In chapter 2 of Frankenstein, what becomes the focus of Victor's studies (speaking to the event pushes this interest farther)?


My temper was sometimes violent, and my passions vehement; but by some law in my temperature they were turned not towards childish pursuits but to an eager desire to learn, and not to learn all things indiscriminately. I confess that neither the structure of languages, nor the code of governments, nor the politics of various states possessed attractions for me. It was the secrets of heaven and earth that I desired to learn; and whether it was the outward substance of things or the inner spirit of nature and the mysterious soul of man that occupied me, still my inquiries were directed to the metaphysical, or in its highest sense, the physical secrets of the world.

Unlike his best friend, Henry Clerval, who is interested in folklore and romance, heroism and legend, art and performance, Victor is much more interested in science and the secrets of nature. He explains that he was not interested in learning about language or politics or history; rather he was interested in the physical facts of the world and of the human body. Elizabeth's temperament has little in common with Victor's as well; she embodies love and sympathy and beneficence and gentleness. When he reached adolescence, Victor explains, something else happened which compelled him to want to pursue natural philosophy:

When I was thirteen years of age we all went on a party of pleasure to the baths near Thonon; the inclemency of the weather obliged us to remain a day confined to the inn. In this house I chanced to find a volume of the works of Cornelius Agrippa. I opened it with apathy; the theory which he attempts to demonstrate and the wonderful facts which he relates soon changed this feeling into enthusiasm.

Picking up this copy of Agrippa's work has a tremendous effect on Victor, and he believes that Agrippa's theories are real science since neither his father nor anyone else tries to explain to him that they are not (at least, not until years later when he gets to Ingolstadt).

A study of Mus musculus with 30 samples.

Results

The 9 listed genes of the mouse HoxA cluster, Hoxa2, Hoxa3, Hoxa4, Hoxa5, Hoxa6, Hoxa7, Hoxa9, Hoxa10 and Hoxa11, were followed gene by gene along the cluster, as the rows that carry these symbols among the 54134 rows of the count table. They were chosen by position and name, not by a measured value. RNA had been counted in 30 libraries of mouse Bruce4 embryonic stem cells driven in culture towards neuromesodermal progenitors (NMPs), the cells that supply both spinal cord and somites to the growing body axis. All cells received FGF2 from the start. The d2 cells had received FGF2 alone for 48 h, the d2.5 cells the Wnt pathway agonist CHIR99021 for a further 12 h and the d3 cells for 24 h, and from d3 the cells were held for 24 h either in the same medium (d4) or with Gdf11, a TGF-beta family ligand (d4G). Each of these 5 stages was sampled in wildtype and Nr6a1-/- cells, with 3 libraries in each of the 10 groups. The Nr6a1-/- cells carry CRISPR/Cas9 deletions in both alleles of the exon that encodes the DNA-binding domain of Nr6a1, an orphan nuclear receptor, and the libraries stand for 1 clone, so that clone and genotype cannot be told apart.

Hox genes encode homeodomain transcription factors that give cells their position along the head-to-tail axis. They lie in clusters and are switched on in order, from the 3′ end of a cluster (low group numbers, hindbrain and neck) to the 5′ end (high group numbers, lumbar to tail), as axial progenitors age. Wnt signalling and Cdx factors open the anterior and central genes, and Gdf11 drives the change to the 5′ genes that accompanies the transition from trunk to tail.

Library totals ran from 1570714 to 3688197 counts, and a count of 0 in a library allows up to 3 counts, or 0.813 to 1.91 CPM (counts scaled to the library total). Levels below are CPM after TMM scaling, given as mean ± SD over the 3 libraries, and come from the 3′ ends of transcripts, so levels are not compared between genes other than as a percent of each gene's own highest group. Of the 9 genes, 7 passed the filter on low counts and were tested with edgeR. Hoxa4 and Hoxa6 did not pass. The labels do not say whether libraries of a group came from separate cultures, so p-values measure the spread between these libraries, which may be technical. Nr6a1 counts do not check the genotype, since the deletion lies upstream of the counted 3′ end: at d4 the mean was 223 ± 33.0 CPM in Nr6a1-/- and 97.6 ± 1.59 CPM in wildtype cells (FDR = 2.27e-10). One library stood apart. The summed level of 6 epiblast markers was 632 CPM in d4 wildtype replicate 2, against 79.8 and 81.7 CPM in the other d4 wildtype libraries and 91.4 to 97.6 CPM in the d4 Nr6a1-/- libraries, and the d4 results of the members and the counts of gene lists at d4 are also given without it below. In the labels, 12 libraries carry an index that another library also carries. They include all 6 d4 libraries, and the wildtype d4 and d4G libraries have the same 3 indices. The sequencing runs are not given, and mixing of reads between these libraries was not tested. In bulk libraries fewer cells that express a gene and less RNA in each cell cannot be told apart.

It was the secrets of heaven and earth that I desired to learn; and whether it was the outward substance of things, or the inner spirit of nature and the mysterious soul of man that occupied me, still my inquiries were directed to the metaphysical or, in it highest sense, the physical secrets of the world.

Later in the chapter, Victor recalls a violent thunderstorm which came upon his home when he was around fifteen years of age. It was one bolt of lightening which solidified Victor's interest in science forever (at least in his mind for forever at that point in his life).

When I was about fifteen years old we had retired to our house near Belrive, when we witnessed a most violent and terrible thunderstorm. It advanced from behind the mountains of Jura; and the thunder burst at once with frightful loudness from various quarters of the heavens.

Victor recalls that he had never seen something destroyed like the tree which the lightening bolt hit. This event alone insured Victor's future obsession with science.

The use of the lightening imagery traverses the novel. Many times, Victor sees the creature in a flash of lightening. At one point, Victor compares the speed of the creature to that of a bolt of lightening.

The constant recurring image of the lightening, which solidified Victor's interest in science, is important because it serves as a reminder to Victor (while unacknowledged) and the reader (in critical analysis) the impact the lightening has the novel's entirety.